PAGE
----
Two of the most senior members of Boris Johnson’s government quit in quick succession, putting the U.K. prime minister in grave political danger after months of scandals eroded his authority.
Chancellor of the Exchequer Rishi Sunak said in his resignation letter on Tuesday that “we cannot continue like this,” while Health Secretary Sajid Javid told Johnson he’s lost confidence in him.
According to a person familiar with the matter, Johnson intends to stay on and will announce replacements for Sunak and Javid, perhaps as soon as Tuesday night.
“The public rightly expect government to be conducted properly, competently and seriously,” Sunak wrote. “I believe these standards are worth fighting for and that is why I am resigning.”
The dramatic developments came on another febrile day in Westminster, with Johnson again facing intense pressure over his conduct in office. Anger in his Conservative Party has been building over a series of missteps, including becoming the first sitting premier found to have broken the law when he was fined over the illegal parties in Downing Street during the pandemic.
The latest row was triggered last week when Tory MP Chris Pincher resigned as a government whip, or political enforcer, following newspaper allegations he had groped two men. That was damaging to Johnson, who promoted Pincher to the role in a bid to bolster his own faltering support.
But the crisis deepened when more allegations against Pincher emerged over the weekend, and Downing Street was forced to change its position about exactly what Johnson knew and when.
The resignations of Sunak and Javid came just as Johnson was acknowledging in a televised address that he had made a “mistake” in promoting Pincher in February — two years after being told of a complaint against him.
While Pincher has denied allegations of specific incidents, he said in his resignation letter he’d “embarrassed” himself and “caused upset” to others. He and his office haven’t replied to repeated requests for comment.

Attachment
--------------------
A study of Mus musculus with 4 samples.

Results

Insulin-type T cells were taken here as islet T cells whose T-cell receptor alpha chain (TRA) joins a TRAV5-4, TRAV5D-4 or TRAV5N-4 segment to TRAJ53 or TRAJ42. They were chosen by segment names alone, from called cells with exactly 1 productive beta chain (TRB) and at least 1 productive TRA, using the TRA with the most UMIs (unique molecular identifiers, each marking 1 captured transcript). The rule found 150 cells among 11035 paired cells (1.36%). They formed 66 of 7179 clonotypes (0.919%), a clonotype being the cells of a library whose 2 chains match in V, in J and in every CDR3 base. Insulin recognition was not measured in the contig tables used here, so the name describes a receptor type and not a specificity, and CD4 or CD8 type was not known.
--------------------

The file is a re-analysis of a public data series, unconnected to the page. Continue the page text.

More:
“I think it was a mistake and I apologize for it,” Johnson said of Pincher’s promotion. “In hindsight it was the wrong thing to do. I want to make absolutely clear that there’s no place in this government for anybody who is predatory or who abuses their position of power.”
Sunak’s departure comes at a critical time for the economy, with households in the grip of the worst cost of living crisis for a generation and strikes breaking out across the travel industry.
Two of Johnson’s signature policies also have struggled. Six years since he successfully urged Britons to voted to leave the European Union, the economic arguments for doing so have failed to bear fruit. He also made “leveling up” the country his defining economic agenda, but failed to draw up a coherent set of policies to carry it out beyond long-established infrastructure investment.
It’s perhaps not surprising Sunak and Javid jumped together. Both enjoyed lucrative careers in investment banking before entering politics. After Javid resigned as chancellor in 2020, he tweeted about his successor, a fellow Star Wars fan: “The Force is strong in young Sunak.” Sunak, previously Javid’s number two at the Treasury, called Javid a “Jedi Master.”
Rebels in the Conservative Party had been calling on senior cabinet ministers to take matters into their own hands after narrowly failing to oust Johnson in a confidence vote just last month. That, in theory, had left Johnson safe from a leadership challenge for 12 months.
But in reality, prime ministers rely on the support of their cabinet, and the resignation of two of the most senior members will be a devastating blow to Johnson. Much depends on whether there are more resignations, which could quickly make his position untenable.
Deputy Prime Minister Dominic Raab, Foreign Secretary Liz Truss, Home Secretary Priti Patel, and Business Secretary Kwasi Kwarteng aren’t resigning, their spokespeople said. Other ministers staying on include Trade Secretary Anne-Marie Trevelyan, Northern Ireland Secretary Brandon Lewis, Brexit Opportunities minister Jacob-Rees Mogg and Chief Whip Chris Heaton-Harris.
Announcing replacements for Sunak and Javid will be part of a plan to try to shift the narrative.
“Chancellors do resign, but it doesn’t necessarily have an effect on government,” Rees-Mogg said in an interview on Sky News, as Johnson’s allies tried to fight back. “Losing chancellors is something that happens.”
Still, there were early signs the resignations have further galvanized the rebels — and expanded their ranks. Jonathan Gullis, one of Johnson’s most vocal supporters in the House of Commons, resigned as a ministerial aide late Tuesday.
“I have been a member of the Conservative Party my entire adult life,” Gullis said in his resignation letter. “For too long we have been more focused on dealing with our reputational damage rather than delivering for the people of this country.”